The ancestors of the Māori brought edible plants from their homelands, including kūmara, yams, taro and tī pore (Cordyline fruticosa), a species of cabbage tree.
In Aotearoa (New Zealand) the climate was significantly colder than that in which these plants had evolved, and Māori developed sophisticated techniques for adapting them to the new environment. They were cultivated in huge communal māra (gardens), sometimes with gravel, sand, shell and charcoal added to the soil. Plants were also grown using hue (gourds) as containers.
Some native trees, flax and flowering shrubs were brought into cultivation closer to human settlements to attract birds. Many stands of the native cabbage tree tī kōuka (Cordyline australis) can still be seen in the bush where they were once deliberately planted.
Lieutenant James Cook described the Māori gardens he saw on his 1769 voyage to New Zealand: ‘The ground is compleatly cleared of all weeds – the mold broke with as much care as that of our best gardens. The Sweet potatoes are set out in distinct little molehills … The Arum [taro] is planted in little circular concaves, exactly in the manner our Gard’ners plant melons … The Yams are planted in like manner with the sweet potatoes: these Cultivated spots are enclosed with a perfectly close pailing of reeds about twenty inches high.’1
New Zealand was originally covered with dense native bush, and its ferns, vines, palms, fungi, berries, fruit and seeds became important foods. Aruhe – the rhizomes of the bracken fern (Pteridium esculentum) – were especially important to Māori. Eighteenth-century botanist Joseph Banks wrote that it was ‘the foundation of their meals.’2
The introduced kiore (Polynesian rat) and kurī (Polynesian dog) were valuable and highly regarded food sources.
The huge flightless birds known as moa were hunted for meat until their extinction. A wide range of other birds were also caught including weka, kererū (wood pigeons), tūī, whio (native ducks), native geese, takahē and numerous seabirds.
The oceans, lakes and waterways provided fish, seals, whales, dolphins, shellfish, crustaceans and more, and these became especially important after the extinction of the moa. Eels were abundant in many parts of the country and were prized for their eating qualities.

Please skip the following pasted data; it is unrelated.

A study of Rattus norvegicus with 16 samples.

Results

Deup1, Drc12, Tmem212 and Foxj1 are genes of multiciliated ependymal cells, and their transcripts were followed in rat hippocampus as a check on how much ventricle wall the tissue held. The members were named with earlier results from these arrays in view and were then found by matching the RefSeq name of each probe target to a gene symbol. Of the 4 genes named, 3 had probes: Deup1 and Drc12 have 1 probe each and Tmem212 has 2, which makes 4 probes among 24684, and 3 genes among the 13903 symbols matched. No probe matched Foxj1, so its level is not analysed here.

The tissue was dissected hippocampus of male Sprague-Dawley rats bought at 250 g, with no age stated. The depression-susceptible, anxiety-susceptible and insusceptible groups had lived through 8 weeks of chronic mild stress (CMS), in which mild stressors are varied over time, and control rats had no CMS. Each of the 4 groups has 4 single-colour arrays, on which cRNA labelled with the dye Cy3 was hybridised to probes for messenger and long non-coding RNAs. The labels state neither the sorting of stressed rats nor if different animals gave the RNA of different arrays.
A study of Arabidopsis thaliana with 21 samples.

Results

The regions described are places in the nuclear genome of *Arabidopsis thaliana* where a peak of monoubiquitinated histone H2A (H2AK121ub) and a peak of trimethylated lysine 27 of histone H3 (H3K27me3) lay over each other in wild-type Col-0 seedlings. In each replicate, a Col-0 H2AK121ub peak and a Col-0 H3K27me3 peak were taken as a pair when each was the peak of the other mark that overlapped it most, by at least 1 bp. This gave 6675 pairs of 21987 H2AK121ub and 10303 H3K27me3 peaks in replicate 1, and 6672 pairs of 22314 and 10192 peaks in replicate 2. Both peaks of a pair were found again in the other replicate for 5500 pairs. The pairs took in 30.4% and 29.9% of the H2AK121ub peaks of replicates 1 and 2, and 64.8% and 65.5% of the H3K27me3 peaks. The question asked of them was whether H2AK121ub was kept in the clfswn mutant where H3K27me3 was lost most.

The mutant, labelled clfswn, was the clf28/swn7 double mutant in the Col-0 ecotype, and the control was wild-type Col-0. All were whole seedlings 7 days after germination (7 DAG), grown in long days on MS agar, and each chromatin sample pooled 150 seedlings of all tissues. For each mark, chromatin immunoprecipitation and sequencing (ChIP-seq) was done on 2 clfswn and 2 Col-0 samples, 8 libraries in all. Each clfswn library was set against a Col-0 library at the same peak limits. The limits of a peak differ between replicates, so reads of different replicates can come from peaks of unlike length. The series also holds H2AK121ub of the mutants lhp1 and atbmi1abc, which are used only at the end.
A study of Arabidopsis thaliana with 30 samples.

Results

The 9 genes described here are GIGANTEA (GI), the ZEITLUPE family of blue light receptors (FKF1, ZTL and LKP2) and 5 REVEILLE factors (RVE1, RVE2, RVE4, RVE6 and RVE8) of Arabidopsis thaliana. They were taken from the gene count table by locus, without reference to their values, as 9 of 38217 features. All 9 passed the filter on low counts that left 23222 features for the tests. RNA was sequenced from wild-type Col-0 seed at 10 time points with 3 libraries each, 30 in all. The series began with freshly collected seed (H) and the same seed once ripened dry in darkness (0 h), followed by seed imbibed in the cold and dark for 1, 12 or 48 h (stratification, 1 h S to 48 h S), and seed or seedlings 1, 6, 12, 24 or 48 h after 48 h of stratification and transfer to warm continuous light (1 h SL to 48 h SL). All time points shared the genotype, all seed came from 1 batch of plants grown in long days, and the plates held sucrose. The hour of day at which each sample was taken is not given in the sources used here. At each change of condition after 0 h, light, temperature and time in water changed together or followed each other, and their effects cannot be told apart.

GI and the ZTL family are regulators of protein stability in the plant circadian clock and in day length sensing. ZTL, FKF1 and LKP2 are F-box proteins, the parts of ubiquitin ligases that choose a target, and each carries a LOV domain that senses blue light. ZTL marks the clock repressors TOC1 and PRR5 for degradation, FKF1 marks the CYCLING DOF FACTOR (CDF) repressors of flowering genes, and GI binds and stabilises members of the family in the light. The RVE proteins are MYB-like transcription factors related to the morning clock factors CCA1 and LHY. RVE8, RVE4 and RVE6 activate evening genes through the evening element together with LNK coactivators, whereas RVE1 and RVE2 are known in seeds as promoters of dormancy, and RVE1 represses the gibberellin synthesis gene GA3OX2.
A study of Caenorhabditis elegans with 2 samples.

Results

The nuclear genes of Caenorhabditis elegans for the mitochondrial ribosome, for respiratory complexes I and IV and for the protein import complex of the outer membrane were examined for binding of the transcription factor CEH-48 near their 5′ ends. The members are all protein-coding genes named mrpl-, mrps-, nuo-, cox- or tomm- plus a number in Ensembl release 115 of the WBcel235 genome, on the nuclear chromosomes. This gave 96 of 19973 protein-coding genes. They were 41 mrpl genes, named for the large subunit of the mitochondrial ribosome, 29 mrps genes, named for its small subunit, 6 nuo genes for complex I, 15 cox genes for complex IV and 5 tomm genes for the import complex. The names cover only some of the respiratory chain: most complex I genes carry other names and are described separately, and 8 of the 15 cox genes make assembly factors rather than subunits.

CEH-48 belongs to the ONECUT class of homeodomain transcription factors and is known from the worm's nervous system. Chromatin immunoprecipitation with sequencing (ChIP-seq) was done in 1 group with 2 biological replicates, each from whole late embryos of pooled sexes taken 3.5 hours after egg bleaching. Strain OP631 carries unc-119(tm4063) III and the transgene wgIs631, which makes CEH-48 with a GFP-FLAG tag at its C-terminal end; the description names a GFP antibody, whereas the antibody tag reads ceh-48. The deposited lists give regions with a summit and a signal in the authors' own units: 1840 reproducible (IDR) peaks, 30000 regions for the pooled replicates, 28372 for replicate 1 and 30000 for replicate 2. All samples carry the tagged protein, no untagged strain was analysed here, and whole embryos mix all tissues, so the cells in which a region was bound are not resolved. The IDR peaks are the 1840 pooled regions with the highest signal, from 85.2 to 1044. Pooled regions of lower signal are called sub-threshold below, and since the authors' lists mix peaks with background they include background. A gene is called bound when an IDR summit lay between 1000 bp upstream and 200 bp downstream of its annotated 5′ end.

Shellfish included tuatua, toheroa, pipi, tuangi, pāua, kina, titiko (mud snails), pūpū (cat’s eyes) and kuku or kākahi (mussels). Although fishing was largely a male activity, shellfish gathering was traditionally a job for women.
On James Cook’s first voyage, the scale of tribally organised fishing impressed the naturalist Joseph Banks. In 1769 he described seeing a large Māori fishing net ‘which was 5 fathom deep and its lengh we could only guess, as it was not stretched out, but it could not from its bulk be less than 4 or 500 fathom.’ He went on, ‘Fishing seems to be the cheif business of this part of the countrey; about all their towns are abundance of netts laid upon small heaps like hay cocks and thatchd over and almost every house you go into has netts in its making’.3
Each tribe had its own named fishing grounds and diving rocks protected by kaitiaki (guardians). These sites were very important, and in some cases tapu (sacred) to the tribes which relied on them for their survival. In the 21st century many Māori continued to catch their local delicacies at these sites.
Māori drank fresh water and, for medicinal purposes, tonics made from seaweed, berries, fruits and leaves steeped in water. They used no alcohol or tobacco and did not regularly consume any stimulants, although special plant concoctions are known to have been drunk by warriors preparing for battle.